IT did look, a few short months ago, like a major impetus for new forests and the management of existing ones had given us foresters something to hope for. Our basic raw materials – trees and forests – were at last recognised as an acceptable and indeed welcome mechanism for removing carbon from the atmosphere.

‘Plant more trees’ was a basic stratagem for tackling climate change. We were, perhaps, so optimistic we chose to forget the continuing destruction of the Amazon rainforests and to ignore the catastrophic effects of wildfires in Australia. Now, with most of California and a good deal of the Pacific Northwest in flames, added to the disastrous fires in Greece and Turkey (not to mention Siberia), the reality of climate change is very hard to ignore.

Trees and forests are finite resources. Damage on the scale we are now seeing is serious. And it is curious how the world’s media continues to report fires. We are shown blazing crown fires of a kind we have never experienced in the UK and we see the destruction of a few settlements, the loss of a small number of people and, in the case of Australia, just a taste of the wholesale destruction of birds, plants and animals which result from just a brief fire season. Then it’s all yesterday’s news. We move on to floods in Germany, the effects of extreme weather events and changing patterns and the charred remains of a few houses, a lot of vehicles and some shattered lives. But the damage to the forest, the loss of resources and the premature release of tens of thousands of tonnes of carbon back into the atmosphere doesn’t get a mention.

Very few of us in the UK have ever experienced a forest fire. Because of our temperate climate, rainfall makes wildfires a rarity. The tinderdry conditions that have resulted in whole trees being consumed by fire have not yet arrived. But looking back to my early days in the valleys of South Wales is an all too vivid reminder of what we are likely to encounter before too long, and the threat of fire in young plantations and their surrounding vegetation, especially in their early years, is potent. So potent, indeed, that the whole policy of increasing tree cover in a warmer, dried climate begins to look vulnerable.

In the 1960s, the Forestry Commission moved into the Rhondda and the surrounding valleys and uplands, which seemed an ideal area for expansion. Indeed, the planting of thousands of hectares took place in a very short period. Cuthbertson ploughs opened up furrows through the prevailing vegetation – a light and highly inflammable grass called molinia – and the valleys were soon covered with Sitka.

This was something of a culture shock to the local community, whose idea of a grand end to an evening’s drinking in the Miner’s Welfare was to set the mountain alight and then sit back and enjoy the spectacle of a rapidly spreading fire which was sometimes attended by the fire brigade, with blue flashing lights, but mostly left to its own devices. We, having planted young conifers now up to a couple of metres high established amongst this grassland, found ourselves the only effective firefighters on hand to protect our young crops.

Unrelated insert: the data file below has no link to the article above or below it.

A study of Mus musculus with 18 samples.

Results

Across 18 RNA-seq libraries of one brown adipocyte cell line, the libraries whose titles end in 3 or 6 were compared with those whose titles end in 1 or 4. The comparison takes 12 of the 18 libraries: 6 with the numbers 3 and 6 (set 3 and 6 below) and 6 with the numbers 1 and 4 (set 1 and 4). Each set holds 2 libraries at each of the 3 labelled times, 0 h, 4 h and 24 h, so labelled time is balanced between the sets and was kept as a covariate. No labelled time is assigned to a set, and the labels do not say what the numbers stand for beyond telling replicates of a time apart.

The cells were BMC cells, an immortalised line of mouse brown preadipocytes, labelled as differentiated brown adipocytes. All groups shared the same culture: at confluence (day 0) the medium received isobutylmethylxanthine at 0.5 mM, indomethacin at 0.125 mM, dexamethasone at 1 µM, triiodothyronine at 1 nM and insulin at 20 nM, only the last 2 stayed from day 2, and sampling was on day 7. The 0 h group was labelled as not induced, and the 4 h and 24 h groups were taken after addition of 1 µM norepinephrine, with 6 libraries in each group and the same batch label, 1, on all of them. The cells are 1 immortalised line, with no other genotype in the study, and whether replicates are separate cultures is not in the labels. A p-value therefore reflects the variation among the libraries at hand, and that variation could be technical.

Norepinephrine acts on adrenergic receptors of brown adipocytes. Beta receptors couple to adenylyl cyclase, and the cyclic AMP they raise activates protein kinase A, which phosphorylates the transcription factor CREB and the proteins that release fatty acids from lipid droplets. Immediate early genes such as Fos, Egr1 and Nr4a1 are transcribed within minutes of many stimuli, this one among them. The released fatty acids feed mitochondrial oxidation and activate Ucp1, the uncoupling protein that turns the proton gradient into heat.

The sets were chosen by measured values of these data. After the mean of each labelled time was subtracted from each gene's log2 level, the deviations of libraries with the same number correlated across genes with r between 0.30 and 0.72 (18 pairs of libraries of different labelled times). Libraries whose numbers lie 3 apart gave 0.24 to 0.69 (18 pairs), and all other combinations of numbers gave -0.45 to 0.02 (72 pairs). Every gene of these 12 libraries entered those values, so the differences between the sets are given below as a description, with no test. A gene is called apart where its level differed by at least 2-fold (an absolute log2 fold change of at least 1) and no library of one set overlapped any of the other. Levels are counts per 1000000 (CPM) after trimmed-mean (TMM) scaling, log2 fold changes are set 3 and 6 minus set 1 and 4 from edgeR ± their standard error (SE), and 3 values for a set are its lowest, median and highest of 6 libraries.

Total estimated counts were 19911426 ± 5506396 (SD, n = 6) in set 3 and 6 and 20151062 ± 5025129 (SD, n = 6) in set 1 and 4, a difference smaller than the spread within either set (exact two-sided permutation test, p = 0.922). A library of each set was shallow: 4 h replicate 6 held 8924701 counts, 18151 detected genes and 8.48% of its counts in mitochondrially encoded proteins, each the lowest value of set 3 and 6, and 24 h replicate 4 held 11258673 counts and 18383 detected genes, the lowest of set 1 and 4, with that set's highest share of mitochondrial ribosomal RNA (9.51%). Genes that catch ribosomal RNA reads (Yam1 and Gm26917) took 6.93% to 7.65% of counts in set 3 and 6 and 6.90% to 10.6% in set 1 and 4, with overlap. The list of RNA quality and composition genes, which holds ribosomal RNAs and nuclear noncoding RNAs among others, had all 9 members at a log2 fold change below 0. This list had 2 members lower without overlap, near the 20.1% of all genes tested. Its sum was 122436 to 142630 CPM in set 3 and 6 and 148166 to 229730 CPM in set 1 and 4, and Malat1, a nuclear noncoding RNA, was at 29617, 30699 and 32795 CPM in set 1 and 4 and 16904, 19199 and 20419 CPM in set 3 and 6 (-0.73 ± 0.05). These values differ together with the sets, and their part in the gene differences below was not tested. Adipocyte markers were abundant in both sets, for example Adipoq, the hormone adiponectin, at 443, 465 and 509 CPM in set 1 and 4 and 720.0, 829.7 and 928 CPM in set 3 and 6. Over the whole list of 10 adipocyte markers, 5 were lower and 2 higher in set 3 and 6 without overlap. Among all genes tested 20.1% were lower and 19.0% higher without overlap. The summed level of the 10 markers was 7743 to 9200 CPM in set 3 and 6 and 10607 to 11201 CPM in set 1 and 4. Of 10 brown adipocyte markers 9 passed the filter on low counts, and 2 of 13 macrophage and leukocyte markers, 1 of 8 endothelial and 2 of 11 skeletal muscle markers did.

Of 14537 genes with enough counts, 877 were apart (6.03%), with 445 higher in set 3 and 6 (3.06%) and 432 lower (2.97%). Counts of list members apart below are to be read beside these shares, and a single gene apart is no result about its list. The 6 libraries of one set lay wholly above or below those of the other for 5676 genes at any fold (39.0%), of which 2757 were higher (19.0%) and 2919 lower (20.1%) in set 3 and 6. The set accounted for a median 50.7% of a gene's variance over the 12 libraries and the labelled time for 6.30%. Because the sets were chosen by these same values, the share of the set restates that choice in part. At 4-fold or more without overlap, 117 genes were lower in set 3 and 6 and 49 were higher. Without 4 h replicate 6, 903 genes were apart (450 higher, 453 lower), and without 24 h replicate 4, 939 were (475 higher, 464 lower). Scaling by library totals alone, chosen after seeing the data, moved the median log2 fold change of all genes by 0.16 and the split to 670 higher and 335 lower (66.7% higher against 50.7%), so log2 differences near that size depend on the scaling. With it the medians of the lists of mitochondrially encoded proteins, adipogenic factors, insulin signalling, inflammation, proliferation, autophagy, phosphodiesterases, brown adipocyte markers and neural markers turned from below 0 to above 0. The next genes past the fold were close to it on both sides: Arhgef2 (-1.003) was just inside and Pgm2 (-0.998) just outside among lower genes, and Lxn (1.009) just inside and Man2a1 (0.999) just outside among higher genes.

You learned pretty quickly in those early days. We had fire teams on constant patrol, sometimes through the night. Water is no use in a plantation fire. It’s too slow and too unreliable to be effective. The logistics are against it. Nor did we have access to those photogenic airplanes and choppers full of water which crop up on the telly. Men with beaters on the ground was our technique. The beaters were manufactured in the wet-time shed out of larch thinnings and old conveyor belting from the mines.

But this was not without its dangers. Fires spread remarkably quickly. They re-ignite themselves. Wind adds to the dangers, not just to firefighters being in the wrong place at the wrong time, but through smoke inhalation, exhaustion and sleeplessness. Then there was the paperwork, the endless fire reports to be assessed and processed. A colleague carefully folded his 100th form and charred the edges of it by setting it on fire before forwarding it to the conservancy office in Cardiff.

Visit Cymmer or Margam, the two largest state forests planted in this era, and you will see we must have been successful. There were setbacks which are now, 40 years on, not discernible, including those arising from a head forester demonstrating to visiting students how flammable was the molinia by striking a match and burning 250 hectares of five-year-old conifer. But we were left with just a taste of the experience, the true horror of forest fire. And the problems of its aftermath.

It’s going to be hot. Hot and dry. Forests will burn. This has to be more than a mere factor in our thinking. It must be the overriding strand of future forest design and management. Time to start thinking about that, now.